1889. German philosopher Friedrich Nietzsche witnessed the whipping of a horse while traveling in Turin, Italy. He tossed his arms around the horse's neck to protect it then collapsed to the ground. In less than one month, Nietzsche would be diagnosed with a serious mental illness that would make him bed-ridden and speechless for the next eleven years until his death. But whatever did happen to the horse? This film, which is Tarr's last, follows up this question in a fictionalized story of what occurred. The man who whipped the horse is a rural farmer who makes his living taking on carting jobs into the city with his horse-drawn cart. The horse is old and in very poor health, but does its best to obey its master's commands. The farmer and his daughter must come to the understanding that it will be unable to go on sustaining their livelihoods. The dying of the horse is the foundation of this tragic tale.Written by
In Turin on the 3rd of January 1889, Friedrich Nietzsche steps out of the doorway of number six, Via Carlo Albert, perhaps to take a stroll, perhaps to go by the post office to collect his mail. Not far from him, the driver of a hansome cab is having trouble with a stubborn horse. Despite all his urging, the horse refuses to move, whereupon the driver - Giuseppe? Carlo? Ettore? - loses his patience and takes his whip to it. Nietzsche comes up to the throng and puts an end to the brutal scene ...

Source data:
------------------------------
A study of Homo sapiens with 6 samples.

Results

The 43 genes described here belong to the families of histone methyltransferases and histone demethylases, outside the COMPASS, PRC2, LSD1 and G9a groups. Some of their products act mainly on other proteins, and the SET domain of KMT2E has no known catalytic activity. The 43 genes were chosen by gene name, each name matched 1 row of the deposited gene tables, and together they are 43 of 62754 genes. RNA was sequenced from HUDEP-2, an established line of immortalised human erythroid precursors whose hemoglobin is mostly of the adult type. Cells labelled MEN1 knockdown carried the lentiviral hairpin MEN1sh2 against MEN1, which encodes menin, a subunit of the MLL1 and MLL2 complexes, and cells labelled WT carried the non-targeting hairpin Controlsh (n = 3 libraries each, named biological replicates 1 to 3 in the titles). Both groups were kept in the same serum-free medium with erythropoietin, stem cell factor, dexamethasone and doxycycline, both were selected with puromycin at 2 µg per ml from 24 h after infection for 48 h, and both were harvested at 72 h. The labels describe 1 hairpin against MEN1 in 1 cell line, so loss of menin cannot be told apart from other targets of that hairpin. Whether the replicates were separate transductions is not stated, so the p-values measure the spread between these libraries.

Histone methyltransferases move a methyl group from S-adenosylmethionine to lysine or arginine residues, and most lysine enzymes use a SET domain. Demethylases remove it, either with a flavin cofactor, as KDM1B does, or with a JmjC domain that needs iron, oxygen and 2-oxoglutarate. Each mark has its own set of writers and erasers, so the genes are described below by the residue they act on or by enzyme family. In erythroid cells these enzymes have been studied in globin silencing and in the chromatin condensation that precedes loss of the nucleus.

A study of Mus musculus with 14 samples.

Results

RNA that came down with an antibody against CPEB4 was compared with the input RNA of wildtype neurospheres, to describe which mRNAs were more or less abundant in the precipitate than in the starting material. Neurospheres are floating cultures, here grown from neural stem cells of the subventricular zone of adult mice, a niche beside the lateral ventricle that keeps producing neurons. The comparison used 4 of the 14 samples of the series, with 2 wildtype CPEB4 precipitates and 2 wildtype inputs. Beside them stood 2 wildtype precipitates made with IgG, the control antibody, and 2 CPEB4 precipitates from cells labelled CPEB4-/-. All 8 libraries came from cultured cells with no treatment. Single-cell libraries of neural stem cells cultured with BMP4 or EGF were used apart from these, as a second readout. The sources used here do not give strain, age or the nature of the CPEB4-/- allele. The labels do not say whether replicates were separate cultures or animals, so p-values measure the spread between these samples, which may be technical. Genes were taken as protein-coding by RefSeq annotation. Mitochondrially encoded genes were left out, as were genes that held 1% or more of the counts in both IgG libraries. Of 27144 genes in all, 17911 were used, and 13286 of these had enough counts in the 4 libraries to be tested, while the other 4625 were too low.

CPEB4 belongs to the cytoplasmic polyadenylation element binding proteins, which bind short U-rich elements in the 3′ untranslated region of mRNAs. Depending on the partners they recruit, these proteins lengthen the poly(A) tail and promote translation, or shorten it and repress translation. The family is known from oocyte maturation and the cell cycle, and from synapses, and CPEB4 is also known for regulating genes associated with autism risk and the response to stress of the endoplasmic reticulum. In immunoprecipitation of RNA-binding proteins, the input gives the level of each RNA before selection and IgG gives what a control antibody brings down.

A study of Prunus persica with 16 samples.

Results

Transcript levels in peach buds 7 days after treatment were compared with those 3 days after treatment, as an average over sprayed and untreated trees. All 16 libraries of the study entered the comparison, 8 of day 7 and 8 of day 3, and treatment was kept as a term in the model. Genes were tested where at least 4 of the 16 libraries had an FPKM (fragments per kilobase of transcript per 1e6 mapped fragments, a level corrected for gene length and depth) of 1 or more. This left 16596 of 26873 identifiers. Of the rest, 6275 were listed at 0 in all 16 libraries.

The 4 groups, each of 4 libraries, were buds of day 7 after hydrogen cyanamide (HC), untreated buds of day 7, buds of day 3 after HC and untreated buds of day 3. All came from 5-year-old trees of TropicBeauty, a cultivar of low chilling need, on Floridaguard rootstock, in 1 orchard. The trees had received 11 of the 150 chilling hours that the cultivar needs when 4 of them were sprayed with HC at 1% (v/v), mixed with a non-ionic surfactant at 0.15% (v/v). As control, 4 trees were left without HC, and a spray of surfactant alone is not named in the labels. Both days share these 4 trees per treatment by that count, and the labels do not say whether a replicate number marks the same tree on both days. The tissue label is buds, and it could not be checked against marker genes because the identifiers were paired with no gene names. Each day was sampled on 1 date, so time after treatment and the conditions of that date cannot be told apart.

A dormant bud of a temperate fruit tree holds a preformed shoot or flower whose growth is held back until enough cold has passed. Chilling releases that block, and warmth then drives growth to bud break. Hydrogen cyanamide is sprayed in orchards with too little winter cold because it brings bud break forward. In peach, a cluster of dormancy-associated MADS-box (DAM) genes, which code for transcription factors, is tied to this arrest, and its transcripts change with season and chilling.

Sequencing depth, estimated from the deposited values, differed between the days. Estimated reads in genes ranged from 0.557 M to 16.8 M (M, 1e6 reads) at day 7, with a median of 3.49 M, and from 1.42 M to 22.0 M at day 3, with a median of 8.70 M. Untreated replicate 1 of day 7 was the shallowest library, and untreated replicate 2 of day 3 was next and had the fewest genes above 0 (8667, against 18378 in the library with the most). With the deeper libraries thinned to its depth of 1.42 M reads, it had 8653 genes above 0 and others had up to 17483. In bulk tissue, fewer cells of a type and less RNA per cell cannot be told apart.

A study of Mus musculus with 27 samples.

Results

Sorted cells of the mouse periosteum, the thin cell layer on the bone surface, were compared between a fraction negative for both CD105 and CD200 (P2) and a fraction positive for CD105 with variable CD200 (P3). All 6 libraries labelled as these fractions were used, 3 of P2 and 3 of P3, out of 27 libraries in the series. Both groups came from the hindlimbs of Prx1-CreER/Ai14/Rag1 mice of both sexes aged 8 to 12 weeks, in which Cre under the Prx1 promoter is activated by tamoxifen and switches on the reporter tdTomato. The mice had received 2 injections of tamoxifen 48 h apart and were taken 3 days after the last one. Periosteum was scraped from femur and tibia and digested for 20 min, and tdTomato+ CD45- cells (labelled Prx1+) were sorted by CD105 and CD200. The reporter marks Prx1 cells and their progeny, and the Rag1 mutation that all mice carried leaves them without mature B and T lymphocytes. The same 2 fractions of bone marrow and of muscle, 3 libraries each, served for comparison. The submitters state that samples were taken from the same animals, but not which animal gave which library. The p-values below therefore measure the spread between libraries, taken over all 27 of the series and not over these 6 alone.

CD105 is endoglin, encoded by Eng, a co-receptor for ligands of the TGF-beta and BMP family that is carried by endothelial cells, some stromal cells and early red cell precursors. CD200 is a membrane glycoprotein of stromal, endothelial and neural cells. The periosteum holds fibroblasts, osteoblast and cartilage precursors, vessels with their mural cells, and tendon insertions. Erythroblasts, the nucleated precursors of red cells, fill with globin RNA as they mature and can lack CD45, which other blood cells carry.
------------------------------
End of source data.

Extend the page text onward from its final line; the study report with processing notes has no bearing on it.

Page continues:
Which is to say, if you loved any of Tarr's previous four films, you will probably love this one, although it is his bleakest. The cinematography is, as one would expect, jaw-droppingly rich. From the opening shot of the horse defining the word "struggle", to Ohlsdorfer's sunken, skull-like eyes, to the spine-chilling image of the daughter's beaten-down face staring out the window, the film is loaded with stark, gorgeous, unforgettable visions. Mihaly Vig once again submits an incredible score, a funereal dirge that shares the soundtrack with the incessant howling wind. Tarr's films have a tactile effect, and here you can truly feel the bitter cold of the landscape and the house that surely does little to protect its occupants from the elements.
It's a haunting film, and perhaps Tarr's most difficult... although only a third the length of SATANTANGO, the repetitiveness gives it less forward momentum. But it completely worked its way under my skin. It's mesmerizing, thought-provoking, breathtaking. If Tarr makes another film, I'll be thrilled, but if he doesn't, at least he's left me some of the greatest works of art I've ever seen.